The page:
Release Date: April 6, 2009
First U.S. Large-Scale CO2 Storage Project Advances
Washington, DC —Drilling nears completion for the first large-scale carbon dioxide (CO2) injection well in the United States for CO2 sequestration. This project will be used to demonstrate that CO2 emitted from industrial sources - such as coal-fired power plants - can be stored in deep geologic formations to mitigate large quantities of greenhouse gas emissions.
The project is funded by the Department of Energy (DOE) and the Illinois Department of Commerce and Economic Opportunity.
"This test represents an exciting step forward in the Department's collaborative efforts to develop America’s carbon sequestration capabilities," said Dr. Victor K. Der, Acting Assistant Secretary for Fossil Energy. "In Decatur, we're moving from theory to application."
A collaboration between ADM and the Midwest Geological Sequestration Consortium (MGSC), the injection test is part of the development phase of the Regional Carbon Sequestration Partnerships program managed by the National Energy Laboratory (NETL) for the Department of Energy’s Office of Fossil Energy (FE).
The project will obtain core samples of the Mount Simon Sandstone during drilling that will be used in analysis to help determine the best section for injection. The sandstone formation is approximately 2,000 feet thick in the test area.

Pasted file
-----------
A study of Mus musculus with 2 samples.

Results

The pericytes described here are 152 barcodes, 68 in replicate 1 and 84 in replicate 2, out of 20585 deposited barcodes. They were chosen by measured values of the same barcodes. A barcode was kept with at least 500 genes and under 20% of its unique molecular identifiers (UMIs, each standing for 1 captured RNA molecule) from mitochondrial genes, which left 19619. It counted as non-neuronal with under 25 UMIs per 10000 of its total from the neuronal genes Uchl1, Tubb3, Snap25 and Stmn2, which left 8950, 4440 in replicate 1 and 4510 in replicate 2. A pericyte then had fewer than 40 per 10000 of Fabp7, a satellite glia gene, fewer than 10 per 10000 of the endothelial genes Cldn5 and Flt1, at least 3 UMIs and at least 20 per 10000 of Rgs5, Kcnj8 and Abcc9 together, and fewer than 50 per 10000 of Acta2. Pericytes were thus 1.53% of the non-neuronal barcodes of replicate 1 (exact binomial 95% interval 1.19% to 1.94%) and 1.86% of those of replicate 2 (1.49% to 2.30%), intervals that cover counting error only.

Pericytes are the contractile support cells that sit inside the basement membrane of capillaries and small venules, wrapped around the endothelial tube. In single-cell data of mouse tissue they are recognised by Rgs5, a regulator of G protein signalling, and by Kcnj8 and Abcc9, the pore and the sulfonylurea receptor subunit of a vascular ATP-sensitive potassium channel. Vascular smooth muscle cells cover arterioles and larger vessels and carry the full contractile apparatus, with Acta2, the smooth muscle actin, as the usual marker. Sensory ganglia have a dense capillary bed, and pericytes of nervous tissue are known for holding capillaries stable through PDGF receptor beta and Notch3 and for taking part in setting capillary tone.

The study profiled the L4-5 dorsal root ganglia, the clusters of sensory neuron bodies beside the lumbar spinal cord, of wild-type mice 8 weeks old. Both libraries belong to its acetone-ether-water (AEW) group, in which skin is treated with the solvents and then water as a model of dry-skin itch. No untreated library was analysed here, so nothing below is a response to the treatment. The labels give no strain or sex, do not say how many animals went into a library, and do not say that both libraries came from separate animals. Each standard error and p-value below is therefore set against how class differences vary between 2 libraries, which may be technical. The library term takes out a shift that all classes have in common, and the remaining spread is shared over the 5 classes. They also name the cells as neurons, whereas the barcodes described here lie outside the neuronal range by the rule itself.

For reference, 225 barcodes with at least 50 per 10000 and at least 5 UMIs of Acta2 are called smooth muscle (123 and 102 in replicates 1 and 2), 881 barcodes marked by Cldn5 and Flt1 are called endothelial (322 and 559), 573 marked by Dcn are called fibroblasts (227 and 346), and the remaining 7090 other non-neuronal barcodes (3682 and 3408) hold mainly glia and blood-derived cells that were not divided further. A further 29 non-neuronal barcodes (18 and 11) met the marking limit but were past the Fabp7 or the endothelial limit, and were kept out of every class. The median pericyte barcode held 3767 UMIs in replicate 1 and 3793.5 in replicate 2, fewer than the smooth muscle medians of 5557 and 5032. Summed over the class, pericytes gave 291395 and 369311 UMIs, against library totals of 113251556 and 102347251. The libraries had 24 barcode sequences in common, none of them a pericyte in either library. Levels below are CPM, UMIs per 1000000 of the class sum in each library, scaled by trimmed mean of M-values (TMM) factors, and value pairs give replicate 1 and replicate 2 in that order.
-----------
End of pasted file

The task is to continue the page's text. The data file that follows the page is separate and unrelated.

From 2010 to 2013, up to one million metric tons of captured CO2 from ADM’s ethanol production facility in Decatur will be injected more than a mile beneath the surface into a deep saline formation. The amount of injected CO2 will roughly equal the annual emissions of 220,000 automobiles.
Following injection, the site will be monitored to ensure safe and permanent storage of the CO2. Results of the project will provide important information on the future of carbon sequestration as a viable option for CO2 storage.
The geology at the ADM site can be compared to a stack of rugs. Each rug represents a different geologic layer, such as sandstone, shale, dolomite, anhydrites, etc., that all have different characteristics. The layers have been deposited over millions of years.
The Office of Fossil Energy launched the Regional Carbon Sequestration Partnership initiative in 2003 to determine the best approaches for capturing and permanently storing gases that can contribute to global climate change. MGSC is one of seven regional partnerships created by the DOE to advance carbon sequestration technologies nationwide. Drilling operations to construct the injection well were started in February 2009.
MGSC is led by the Illinois State Geological Survey, the Indiana Geological Survey, and the Kentucky Geological Survey, in cooperation with government and other energy industry partners. This project is expected to create nearly 250 full-time jobs which will be supported throughout the project’s life of more than ten years.